Review: “Beauty and the Beast”, first episode
Beauty and the Beast (subtitled “The Ugly Face of Prejudice”) is a series on Channel 4 about our attitudes towards those with facial disfigurements, and seems to be based on getting people with beauty obsessions to meet with those with disfigurements. The first episode sees Leo, who was badly burned in a fire when he was 14 (he is now 59) and has obvious scars on his face, although it is of a fairly normal shape, meet Yasmin, a “beauty addict” who is determined to get plastic surgery as she is unhappy with the way her body looks. There has, of course, been some controversy about the title; it seems fairly obvious that the “beast” bit obviously refers to the disfigured person, even if they use the excuse that it refers to the beauty industry. C4’s disability director wrote this piece on the Guardian’s website last year, when news about the upcoming series began to surface with the expected criticisms.
As I said, I’m not convinced by the excuses. Channel 4 has a long recent history of commissioning sensationalist freak-shows such as Big Brother, and regardless of the content, the title seems to have been chosen to attract controversy. I wonder how many of the disfigured people knew what the programme was going to be called before they agreed to take part. Anyway, the first episode saw Yasmin try to convince Leo, who has very strong views against what he regards as frivolous cosmetic surgery by people who do not need it that she has good reasons for wanting to change her body.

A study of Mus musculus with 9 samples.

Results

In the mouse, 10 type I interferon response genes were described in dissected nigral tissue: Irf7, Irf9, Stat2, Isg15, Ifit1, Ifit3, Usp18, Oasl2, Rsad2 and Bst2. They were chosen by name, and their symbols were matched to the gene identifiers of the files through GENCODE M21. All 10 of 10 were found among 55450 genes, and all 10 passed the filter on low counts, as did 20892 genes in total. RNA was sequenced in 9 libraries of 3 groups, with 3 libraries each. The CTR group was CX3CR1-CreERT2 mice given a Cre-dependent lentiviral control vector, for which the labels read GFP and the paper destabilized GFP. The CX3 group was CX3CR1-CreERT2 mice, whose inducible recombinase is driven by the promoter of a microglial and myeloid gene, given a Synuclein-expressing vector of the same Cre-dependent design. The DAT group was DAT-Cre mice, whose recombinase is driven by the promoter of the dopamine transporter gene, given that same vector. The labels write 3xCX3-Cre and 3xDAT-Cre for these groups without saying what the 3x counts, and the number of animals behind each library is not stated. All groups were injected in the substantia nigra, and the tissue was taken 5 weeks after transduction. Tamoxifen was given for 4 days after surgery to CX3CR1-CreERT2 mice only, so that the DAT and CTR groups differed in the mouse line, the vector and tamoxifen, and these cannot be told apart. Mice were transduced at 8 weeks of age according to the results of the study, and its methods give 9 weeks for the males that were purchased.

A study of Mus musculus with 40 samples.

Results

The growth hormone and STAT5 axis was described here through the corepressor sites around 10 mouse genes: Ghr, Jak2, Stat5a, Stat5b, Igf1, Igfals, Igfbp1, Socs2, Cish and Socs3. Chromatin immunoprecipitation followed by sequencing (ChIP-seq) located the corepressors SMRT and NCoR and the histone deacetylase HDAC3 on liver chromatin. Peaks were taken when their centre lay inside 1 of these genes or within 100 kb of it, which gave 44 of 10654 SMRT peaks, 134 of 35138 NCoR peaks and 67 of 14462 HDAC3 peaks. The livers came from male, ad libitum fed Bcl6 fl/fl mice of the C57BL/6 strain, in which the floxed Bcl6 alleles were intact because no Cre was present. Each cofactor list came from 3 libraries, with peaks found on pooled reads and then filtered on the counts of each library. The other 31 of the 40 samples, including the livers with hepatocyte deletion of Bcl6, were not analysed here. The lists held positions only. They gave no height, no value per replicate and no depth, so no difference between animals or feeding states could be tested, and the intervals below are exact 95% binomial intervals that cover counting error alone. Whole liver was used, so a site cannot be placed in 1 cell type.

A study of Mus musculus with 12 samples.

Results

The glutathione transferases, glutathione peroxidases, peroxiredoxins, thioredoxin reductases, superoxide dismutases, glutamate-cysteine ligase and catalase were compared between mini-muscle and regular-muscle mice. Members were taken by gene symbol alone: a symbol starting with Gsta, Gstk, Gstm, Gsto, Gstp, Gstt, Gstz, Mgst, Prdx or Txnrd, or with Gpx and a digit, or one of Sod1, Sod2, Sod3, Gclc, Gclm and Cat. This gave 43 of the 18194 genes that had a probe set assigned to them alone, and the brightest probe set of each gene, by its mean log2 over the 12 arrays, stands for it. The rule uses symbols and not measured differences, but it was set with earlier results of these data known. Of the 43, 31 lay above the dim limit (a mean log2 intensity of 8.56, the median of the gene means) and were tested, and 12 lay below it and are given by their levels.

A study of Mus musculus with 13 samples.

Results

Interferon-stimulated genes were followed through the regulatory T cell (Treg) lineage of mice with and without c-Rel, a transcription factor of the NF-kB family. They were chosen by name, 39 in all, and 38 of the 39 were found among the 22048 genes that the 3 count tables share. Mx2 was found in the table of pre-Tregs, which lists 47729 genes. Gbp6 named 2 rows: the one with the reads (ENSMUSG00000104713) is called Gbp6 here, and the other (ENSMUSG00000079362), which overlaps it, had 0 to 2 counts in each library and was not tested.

Her beauty régime takes two hours each day, or forty days a year, which includes hair extensions, masses of make-up, a fake tan, and ends with spraying hairspray on her face (which she admits has the disadvantage of sometimes going in her mouth and not tasting very nice), to keep her make-up in place. Leo also has to put some sort of ointment on his own face, but this is obviously to do with his scarring. Yasmin is actually not bad-looking, albeit a little bit chubby, but some amount of talking reveals that most of her body image problems are to do with her breasts, which are substantial and have led to her suffering sexual harassment from men since her teens. By the end of it, she seems to have decided againt most of the cosmetic surgery she wanted at the beginning, other than the breast reduction surgery.
Something the programme did not really acknowledge, though, was that Yasmin’s beauty régime was only a slightly more extreme version of what a lot of women do in the morning anyway. Although some men do wear some make-up, and those who go on TV for a living often do, the vast majority wear none at all, and men’s grooming takes a good deal less time and money than most women’s. My complexion as seen on the street is the same as it is when I get out of bed in the morning (obviously my hair is a bit tidier), but that’s just not true of many women (particularly white women; I can’t talk about others). Some women talk of “putting on a face” when they apply their make-up, because it makes them look quite different to how they really look.
The programme treated Yasmin’s make-up rituals as an aspect of her particular body-image problems, and made a big deal of getting her to appear in front of Leo without her make-up, but many women would not appear in front of anyone they didn’t know well without it, and I expect this included the women that were involved in making the programme. I kept saying to the TV, “she’s a woman, of course she wears make-up”. This oversight aside, it was quite a well-made programme and showed the two of them coming to a kind of medium; he softened his harsh views on cosmetic surgery, while she realised she didn’t need so much of it, and they didn’t have any huge rows on screen. It was a more pleasant watch than the very ugly title might have suggested.